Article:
One of the early research studies we did investigated the differences in braking between beginners and experts. The particular graph below was from a study we did looking at a short descent leading in to a long sweeping turn. We did all the sciencey things like control speed and bike setup, and clear differences came out between the groups.
We broke the track down in to sections, and analyzed tons of data for many many months. It came as no surprise that the experts were faster (a LOT faster) over the short distance.
While the stopwatch doesn’t lie, sometimes the eye does. None of the braking differences were clear while watching the hundreds of trials, but by looking at the braking data itself, we were able to come up with recommendations for beginners to ride more efficiently.
This is the same as in fitness training: sure, the race times don’t lie, but if we want to get faster, we need to know what we are actually doing out on the race course.
So what do we do? We record data, analyze data, hire a coach, practice, practice, practice and GET FASTER!
Up until Interbike last year, we had been pretty quiet about the brake power meter. I had collected a bunch of years worth of data during actual riding and we’d all been working hard, but mostly working quietly.
Then we went to Interbike, and things kind of exploded! No one had seen a brake power meter before, and our old clunky prototype was more than a head-turner when walking through the outdoor demo!
While at the outdoor demo at Interbike, we showed the brake power meter to Vital MTB. We were fresh off the plan from NZ and super jet-lagged! I gave a glimpse of some of the data we had collected during real riding on real trails with professional riders and beginner riders. It was super exciting to talk a bit about the data and to show how we can help riders perform better. After all, that’s been the whole point of all these years of research!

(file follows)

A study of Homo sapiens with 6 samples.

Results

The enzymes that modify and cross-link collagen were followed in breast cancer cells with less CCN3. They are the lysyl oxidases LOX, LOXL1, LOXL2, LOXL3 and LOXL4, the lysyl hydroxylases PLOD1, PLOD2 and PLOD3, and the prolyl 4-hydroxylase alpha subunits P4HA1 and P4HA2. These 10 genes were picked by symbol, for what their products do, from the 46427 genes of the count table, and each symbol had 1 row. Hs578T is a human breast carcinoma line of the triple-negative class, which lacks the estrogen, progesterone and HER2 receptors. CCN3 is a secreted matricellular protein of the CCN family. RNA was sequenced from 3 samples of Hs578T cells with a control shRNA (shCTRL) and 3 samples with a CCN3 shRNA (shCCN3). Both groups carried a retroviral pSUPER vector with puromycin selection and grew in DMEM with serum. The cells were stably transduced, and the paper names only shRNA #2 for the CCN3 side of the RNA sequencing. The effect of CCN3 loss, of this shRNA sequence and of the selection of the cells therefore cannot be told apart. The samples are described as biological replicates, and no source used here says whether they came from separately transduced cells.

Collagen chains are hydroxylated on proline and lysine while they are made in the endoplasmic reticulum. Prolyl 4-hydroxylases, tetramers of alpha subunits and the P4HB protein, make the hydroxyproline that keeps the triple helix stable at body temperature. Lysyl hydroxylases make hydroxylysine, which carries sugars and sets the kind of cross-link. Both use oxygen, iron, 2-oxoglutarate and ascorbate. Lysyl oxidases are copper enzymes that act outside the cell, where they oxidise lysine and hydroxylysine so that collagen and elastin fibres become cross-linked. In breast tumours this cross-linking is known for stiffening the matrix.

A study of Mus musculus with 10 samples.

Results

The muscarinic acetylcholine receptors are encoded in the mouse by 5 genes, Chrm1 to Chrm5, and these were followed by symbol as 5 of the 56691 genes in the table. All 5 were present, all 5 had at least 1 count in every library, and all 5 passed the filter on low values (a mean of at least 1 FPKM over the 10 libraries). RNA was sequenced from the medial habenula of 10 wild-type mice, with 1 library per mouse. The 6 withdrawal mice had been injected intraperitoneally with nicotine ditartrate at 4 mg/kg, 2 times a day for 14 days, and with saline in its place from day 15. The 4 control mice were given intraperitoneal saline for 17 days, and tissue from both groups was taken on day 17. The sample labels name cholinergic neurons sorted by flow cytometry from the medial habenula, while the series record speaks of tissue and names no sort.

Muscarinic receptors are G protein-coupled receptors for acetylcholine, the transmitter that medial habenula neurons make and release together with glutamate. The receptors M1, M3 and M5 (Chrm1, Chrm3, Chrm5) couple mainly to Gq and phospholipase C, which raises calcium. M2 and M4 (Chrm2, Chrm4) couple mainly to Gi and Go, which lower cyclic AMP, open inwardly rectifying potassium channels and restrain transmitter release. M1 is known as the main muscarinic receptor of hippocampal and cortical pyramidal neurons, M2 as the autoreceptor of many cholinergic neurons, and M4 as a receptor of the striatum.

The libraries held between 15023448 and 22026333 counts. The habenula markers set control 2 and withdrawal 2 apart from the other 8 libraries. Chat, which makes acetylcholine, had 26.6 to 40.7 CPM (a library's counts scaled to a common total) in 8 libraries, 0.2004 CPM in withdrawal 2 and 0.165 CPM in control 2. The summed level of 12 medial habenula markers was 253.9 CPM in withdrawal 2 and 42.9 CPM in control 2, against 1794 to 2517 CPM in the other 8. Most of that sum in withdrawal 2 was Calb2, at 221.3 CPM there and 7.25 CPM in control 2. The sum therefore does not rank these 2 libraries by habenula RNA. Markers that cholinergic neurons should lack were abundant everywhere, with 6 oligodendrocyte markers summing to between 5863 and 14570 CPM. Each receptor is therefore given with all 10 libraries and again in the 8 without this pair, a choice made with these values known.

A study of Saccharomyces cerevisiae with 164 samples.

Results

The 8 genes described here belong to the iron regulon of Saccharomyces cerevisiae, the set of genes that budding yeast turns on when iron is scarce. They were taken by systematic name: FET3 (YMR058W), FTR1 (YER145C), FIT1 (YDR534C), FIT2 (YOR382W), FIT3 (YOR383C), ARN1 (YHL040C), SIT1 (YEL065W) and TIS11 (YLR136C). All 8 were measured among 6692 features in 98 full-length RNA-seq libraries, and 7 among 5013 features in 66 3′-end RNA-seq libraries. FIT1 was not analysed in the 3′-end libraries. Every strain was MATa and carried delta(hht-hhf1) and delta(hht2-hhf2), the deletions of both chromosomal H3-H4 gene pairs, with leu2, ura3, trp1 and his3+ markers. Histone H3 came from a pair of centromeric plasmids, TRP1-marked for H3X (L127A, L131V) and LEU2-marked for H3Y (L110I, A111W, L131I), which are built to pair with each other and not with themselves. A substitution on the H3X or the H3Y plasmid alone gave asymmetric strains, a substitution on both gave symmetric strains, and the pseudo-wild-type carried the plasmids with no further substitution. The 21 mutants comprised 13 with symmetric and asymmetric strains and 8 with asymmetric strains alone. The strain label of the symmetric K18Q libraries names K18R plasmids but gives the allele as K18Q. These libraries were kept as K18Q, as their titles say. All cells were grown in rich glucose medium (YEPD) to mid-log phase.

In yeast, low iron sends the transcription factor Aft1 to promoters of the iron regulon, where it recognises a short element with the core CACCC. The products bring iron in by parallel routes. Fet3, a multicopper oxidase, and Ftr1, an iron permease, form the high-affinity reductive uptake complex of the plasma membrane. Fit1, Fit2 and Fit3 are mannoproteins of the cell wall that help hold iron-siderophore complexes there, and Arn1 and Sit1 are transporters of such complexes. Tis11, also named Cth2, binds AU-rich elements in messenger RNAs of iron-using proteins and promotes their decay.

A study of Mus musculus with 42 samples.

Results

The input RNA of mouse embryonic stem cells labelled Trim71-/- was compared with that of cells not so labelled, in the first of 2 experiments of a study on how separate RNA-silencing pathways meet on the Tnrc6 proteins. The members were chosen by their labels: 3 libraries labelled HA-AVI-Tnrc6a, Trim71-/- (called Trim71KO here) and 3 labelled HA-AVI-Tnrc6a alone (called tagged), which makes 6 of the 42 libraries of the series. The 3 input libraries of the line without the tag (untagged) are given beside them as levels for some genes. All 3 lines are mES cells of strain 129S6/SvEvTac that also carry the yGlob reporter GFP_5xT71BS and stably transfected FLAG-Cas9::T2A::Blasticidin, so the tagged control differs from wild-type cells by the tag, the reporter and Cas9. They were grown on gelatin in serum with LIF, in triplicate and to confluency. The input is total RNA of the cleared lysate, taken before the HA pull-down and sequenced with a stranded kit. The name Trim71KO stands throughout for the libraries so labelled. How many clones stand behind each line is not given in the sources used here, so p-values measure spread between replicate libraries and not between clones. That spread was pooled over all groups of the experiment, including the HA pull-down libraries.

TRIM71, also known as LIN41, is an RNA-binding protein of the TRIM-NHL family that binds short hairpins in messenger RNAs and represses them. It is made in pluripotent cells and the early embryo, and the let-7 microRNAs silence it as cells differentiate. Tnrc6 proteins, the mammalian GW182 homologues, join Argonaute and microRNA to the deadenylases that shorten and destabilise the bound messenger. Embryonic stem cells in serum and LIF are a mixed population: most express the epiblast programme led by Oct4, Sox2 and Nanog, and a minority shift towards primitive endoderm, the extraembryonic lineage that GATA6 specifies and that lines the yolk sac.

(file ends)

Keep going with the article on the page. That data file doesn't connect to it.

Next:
Here’s a screen grab below. You can see the old data logger we started with. It’s kind of funny, but that dinosaur is now a decoration! You can read the full article here.
If there was ever a professional race in which both the use of brakes and the use of the pedals became apparent a cycling sport, this was it:
I remember watching that race with some serious excitement–we had already looked at the performance benefits of coasting down hills and was well underway with the brake power meter…and this race made it all clear for everyone.
This race run showed that you could beat the best in the world by braking smarter, and it turns out that you can brake smarter by riding fresher. We didn’t need to see his pedaling power that day (he didn’t pedal!), but soon we will be able to see how the best riders in the world brake. This is so exciting!